2009 Accord - Bad rear brakes?



I have a 2008' Accord 2.4l and i had to put on new rear pads at about 17K, just today i had to do the same with the front at 31K. The service adviser at a dealership told told that in 2006' Honda has changed the way the braking system works so that the most power of your braking will be with the rear wheels. don't worry both front and rear brake pads are easy to change for both maybe only 1.5hrs.

I have a 2008' Accord 2.4l and i had to put on new rear pads at about 17K, just today i had to do the same with the front at 31K. The service adviser at a dealership told told that in 2006' Honda has changed the way the braking system works so that the most power of your braking will be with the rear wheels. don't worry both front and rear brake pads are easy to change for both maybe only 1.5hrs.
I replaced my rears on a 06 I4 coupe at 53k. The fronts are still OK.

I had to replace the front pads on my '04 Civic last year at 46k. Rears are drums and are still fine. Honda brake pads do seem to be wearing more quickly than they used to, from what I've been reading.
Areas with regularly bad weather (such as the Peoples' Republic of Canada) have the worst pad life problems.
On a FWD car the fronts do about 80% of the braking. Unless Honda has found a way to repeal the laws of physics, it shall ever be thus.
DaveD

memories of the Polish tank joke--one forward speed, six reverse.
The ignoramus at your dealership doesn't understand simple physics. Unless Honda is flat-out stopping the front brakes from engaging, the weight shift is to the front and the fronts will take the brunt of it.
No way around it.
Get the bike up to some kind of reasonable speed. Now squeeze only the REAR brake hard. (Let go quick so the resulting skid doesn't slam you onto the pavement.)
Now do the same thing again, but this time squeeze only the FRONT brake hard. See the difference? Car brakes and weight transfer behave identically to this.
Practical physics at work in a most abundantly convincing way!

Just eyeballing it, but the rear discs seem to have a smaller diameter -- at least on my 06. That coupled with "softer" pads could be the reason for rears having to be replaced before the fronts. For my part, I was not distressed that my rears lasted 53k. On the other hand, our 03 Pilot had to have both front and rear replaced at 73k or so. So it would appear that the wear was pretty equal in this case.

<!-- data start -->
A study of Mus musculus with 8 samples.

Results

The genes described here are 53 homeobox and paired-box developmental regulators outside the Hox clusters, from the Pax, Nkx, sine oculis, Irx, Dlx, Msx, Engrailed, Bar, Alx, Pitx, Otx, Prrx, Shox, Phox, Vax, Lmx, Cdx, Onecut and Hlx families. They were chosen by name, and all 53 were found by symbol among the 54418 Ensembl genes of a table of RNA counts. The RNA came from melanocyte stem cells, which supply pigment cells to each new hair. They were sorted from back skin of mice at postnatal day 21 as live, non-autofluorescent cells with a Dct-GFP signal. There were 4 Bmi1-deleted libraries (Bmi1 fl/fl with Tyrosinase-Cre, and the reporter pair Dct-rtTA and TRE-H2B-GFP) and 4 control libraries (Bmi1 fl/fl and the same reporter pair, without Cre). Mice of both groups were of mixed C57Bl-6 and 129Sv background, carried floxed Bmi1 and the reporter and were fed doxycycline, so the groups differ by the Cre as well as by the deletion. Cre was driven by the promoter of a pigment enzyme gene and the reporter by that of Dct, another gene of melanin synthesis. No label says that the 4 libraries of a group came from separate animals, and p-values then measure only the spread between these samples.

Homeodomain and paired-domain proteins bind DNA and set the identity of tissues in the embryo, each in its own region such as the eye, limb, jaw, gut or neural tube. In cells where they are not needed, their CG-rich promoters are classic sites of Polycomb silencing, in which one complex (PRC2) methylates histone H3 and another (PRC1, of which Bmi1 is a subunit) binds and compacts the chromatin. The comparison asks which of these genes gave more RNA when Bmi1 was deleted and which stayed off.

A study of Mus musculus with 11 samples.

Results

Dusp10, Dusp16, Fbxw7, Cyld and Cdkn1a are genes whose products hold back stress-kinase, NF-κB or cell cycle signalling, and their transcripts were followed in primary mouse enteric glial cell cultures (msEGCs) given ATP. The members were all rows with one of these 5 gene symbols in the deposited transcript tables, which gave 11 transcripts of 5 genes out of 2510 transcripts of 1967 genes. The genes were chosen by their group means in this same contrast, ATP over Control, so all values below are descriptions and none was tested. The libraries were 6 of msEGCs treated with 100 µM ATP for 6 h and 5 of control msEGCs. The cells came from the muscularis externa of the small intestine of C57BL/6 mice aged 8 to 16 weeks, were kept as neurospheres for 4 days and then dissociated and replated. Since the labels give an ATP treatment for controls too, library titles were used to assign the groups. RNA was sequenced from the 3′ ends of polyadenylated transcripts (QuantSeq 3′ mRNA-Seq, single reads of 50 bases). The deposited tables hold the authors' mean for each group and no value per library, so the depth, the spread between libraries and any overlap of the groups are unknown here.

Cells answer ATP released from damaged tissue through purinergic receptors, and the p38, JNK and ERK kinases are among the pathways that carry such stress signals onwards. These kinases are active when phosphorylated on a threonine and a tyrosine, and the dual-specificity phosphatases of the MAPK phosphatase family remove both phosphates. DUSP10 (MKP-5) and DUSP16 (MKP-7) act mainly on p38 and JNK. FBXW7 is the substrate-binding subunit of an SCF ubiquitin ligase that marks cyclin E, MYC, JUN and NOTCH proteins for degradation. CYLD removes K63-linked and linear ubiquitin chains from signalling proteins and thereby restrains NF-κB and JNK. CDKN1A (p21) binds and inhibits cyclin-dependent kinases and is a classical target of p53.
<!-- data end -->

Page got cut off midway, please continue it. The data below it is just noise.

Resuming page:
I see the same thing with my old Odyssey ('96) and with the '06 CRV. Both have four wheel disks, both have the parking brake set up with a separate drum inside the rear hub and both wear all four pads pretty evenly. The Odyssey needed its first pad change at 96k miles. The CRV is currently at 45k and is nowhere near needing anything brake-wise.

so, you're not returning to that dealer then i assume? because you shouldn't give money to retards.
personally, if a dealer told me that, i'd note the service adviser's name, then call honda usa's customer service line and tell them that an idiot has slipped through the training net, with that name and dealer details. it's a fundamental customer service problem that reflects badly on the honda brand - they'll take care of it.


Hate pads on the back. I am glad my Accord has drums.

Oh don't start this again!
;0)
a

On a related note, Tegger, do you know of a good brand/supplier (Canadian if possible) for upgraded disks/pads/callipers for Hondas? My 02 Accord is nearing some brake work and I want to investigate options...
a
However, I have never tried aftermarket parts that cost MORE than OEM. Those might be better than other aftermarket.

i recently fitted akebonos for a friend. they're a good quality pad. i'd still use genuine honda on my own car, especially as the prices are in line with cheapo imitations, but akebono seem ok.

Thanks! I was thinking of something like an upgrade from OEM, less fade, more gription - not a cost saving exercise. The only name in brakes I know is "Brembo".
a

you might be disappointed, depending on your real objective. some aftermarket pads are terrible for fade. and i mean almost /fatally/ bad. ones with grip and limited fade often chew disks. it's a compromise. and the best guarantee of a workable overall compromise, off the track, in my usage experience, is honda oem.

then you need to look around some more! brembo are great at marketing - but there's nothing especially outstanding that differentiates them mechanically.